Looking at the medal count for the 2016 IAAF Indoor World Championships it is easy to see that the United States had a strong showing – in fact it was Team USA’s best ever performance at World Indoors. The team brought home 23 medals with 13 of those being gold. This is a new record for any country at a single World Indoors and the gold medals earned by the U.S. breaks the previous record of 10, achieved by the U.S. in 2012.
But the 4-day meet was more. It turned out to be everything track fans could hope for – a sell out crowd, close finishes, bright lights, spectacular entrances and loud cheering from very engaged spectators! Day 1, 2 and 3 were great – don’t get me wrong but Day 4 was something special. In the span of less than two hours fans were continuously brought to their feet and were not let down.
In the first running event of the day the men’s 3000 meters Ryan Hill got our blood pumping with huge finishing kick that propelled him to silver. It lowered just in time to cheer Ajee Wilson, former World junior champion, to her first senior-level medal (silver) in the women’s 800 meters. After catching our breath, it looked like we were in for an adrenaline break as the women’s 3000 meter got off to a very leisurely start (80 second first lap) but that was not the case. At the 1000 meter mark Gezebe Dibaba made a huge move and blew the race apart to win with Team USA athlete, Shannon Rowbury holding on to capture the bronze medal. But little did we know things were just warming up on the track.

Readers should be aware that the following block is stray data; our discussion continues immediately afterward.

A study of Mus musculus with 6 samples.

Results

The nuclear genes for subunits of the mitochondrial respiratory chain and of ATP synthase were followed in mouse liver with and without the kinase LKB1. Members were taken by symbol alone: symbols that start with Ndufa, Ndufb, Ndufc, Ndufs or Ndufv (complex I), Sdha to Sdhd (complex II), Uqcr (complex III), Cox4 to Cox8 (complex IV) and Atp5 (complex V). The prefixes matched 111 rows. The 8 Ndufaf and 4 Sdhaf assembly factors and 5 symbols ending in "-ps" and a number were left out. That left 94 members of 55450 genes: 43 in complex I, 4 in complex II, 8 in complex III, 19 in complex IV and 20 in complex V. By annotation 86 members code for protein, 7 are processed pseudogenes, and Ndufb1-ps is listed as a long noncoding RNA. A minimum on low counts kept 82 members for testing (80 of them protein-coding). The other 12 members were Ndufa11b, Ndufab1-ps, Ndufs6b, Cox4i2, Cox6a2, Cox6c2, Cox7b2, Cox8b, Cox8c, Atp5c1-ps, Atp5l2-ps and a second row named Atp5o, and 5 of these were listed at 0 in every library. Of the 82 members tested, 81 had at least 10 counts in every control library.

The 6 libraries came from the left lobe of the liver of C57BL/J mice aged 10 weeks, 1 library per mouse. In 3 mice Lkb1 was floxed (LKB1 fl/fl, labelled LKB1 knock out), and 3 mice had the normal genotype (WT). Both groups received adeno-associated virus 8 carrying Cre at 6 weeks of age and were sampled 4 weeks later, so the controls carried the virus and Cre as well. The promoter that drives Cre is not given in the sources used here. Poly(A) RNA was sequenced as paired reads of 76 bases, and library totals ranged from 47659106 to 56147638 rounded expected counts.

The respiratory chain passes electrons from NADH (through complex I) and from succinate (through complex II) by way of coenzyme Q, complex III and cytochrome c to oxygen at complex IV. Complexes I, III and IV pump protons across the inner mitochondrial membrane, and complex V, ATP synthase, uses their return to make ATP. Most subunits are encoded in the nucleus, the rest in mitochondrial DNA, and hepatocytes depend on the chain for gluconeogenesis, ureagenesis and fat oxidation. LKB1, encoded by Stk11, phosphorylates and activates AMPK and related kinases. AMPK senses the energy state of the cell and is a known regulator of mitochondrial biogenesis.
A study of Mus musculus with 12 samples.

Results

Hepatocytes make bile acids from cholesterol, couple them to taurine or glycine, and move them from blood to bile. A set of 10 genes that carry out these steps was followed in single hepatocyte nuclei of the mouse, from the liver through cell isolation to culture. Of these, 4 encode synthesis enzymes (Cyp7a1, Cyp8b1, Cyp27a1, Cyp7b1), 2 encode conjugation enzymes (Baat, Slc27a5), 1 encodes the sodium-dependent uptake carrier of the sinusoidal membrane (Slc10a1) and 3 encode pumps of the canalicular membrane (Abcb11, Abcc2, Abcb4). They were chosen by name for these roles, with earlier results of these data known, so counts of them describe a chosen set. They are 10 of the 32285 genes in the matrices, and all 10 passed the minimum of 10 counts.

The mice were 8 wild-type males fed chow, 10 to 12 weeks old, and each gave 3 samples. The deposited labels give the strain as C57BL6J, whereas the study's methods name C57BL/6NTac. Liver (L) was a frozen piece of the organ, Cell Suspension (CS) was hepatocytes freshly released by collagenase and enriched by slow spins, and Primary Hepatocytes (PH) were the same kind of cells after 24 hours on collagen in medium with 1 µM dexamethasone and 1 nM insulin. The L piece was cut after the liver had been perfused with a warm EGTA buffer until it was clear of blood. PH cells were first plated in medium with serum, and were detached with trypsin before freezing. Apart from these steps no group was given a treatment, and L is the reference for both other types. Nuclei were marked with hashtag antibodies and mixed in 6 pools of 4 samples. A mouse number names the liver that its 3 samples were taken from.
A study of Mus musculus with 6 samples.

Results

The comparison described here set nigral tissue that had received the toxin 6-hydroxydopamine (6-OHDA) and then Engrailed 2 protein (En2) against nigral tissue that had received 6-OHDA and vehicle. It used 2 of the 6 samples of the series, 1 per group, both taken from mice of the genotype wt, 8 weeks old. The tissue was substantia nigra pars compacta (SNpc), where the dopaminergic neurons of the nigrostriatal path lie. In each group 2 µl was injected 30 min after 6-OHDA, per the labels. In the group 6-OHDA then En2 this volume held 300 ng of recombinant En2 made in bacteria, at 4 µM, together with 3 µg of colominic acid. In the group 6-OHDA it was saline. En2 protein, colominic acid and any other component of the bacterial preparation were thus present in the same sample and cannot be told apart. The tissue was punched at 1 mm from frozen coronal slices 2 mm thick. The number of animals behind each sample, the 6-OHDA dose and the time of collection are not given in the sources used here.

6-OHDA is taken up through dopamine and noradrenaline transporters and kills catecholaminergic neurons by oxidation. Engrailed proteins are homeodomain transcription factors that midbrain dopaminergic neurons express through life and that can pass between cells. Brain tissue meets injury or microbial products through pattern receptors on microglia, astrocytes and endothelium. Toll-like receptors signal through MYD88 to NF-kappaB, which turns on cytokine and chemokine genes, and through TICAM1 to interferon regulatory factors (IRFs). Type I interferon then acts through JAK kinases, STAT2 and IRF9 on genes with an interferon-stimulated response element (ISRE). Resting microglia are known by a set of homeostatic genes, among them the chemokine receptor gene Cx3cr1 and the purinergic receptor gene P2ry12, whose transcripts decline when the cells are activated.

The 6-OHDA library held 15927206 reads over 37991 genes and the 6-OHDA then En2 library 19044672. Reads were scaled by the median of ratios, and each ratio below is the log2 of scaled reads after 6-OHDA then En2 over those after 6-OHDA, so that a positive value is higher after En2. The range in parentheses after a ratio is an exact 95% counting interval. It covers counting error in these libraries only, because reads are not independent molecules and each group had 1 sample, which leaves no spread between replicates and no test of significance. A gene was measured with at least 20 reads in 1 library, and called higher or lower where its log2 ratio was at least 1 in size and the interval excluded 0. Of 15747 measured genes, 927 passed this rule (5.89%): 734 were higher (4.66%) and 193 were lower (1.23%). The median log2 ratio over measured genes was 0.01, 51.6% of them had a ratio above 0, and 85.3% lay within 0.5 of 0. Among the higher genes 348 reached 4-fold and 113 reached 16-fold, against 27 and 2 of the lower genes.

As much as I love women’s track and field unarguably the best race of the day was the men’s 1500 meters and the noise volume in the Oregon Convention Center echoed this sentiment. With well over 2 laps it was like someone flicked a switch in the men’s 1500. The pace quickened rapidly (along with my heart rate). The men began sprinting at a pace that made me question if they even knew how many laps were left in the race. As a spectator you could feel excitement radiating off the person next to you but there was also an unspoken sense of concern that the athletes were not going to be able to hold this pace to the line. They proved us wrong. Coming off the last turn of the 200 meter track the sold out crowd of over 7,000 were all on their feet and U.S. athlete Matt Centrowitz went for the lead. With each step we screamed louder. And then he did it. He passed Willis and held off a fast-closing Jakub Holusa of the Czech Republic to get the gold – just 0.08 seconds in front of the second place finisher Holusa and less than one-tenth ahead of the bronze medal winner, Nick Willis.
Watching the race unfold in the Press Tribune, an area that houses reporters from countries all over the world, was interesting. Although most were reporters and personnel from the US there were others cheering for athletes who were just shy of the 1500 meter victory. But regardless of which country people were from everyone shared the same general sentiment – the men’s 1500 final was a performance spectators will never forget.
As for Portland 2016, it was a success for athletes and spectators alike. Hopefully this will start building momentum for fans leading into the spring season, the 2016 Olympic Trials in Eugene, the Rio Games later this summer and even more important beyond this Olympic year.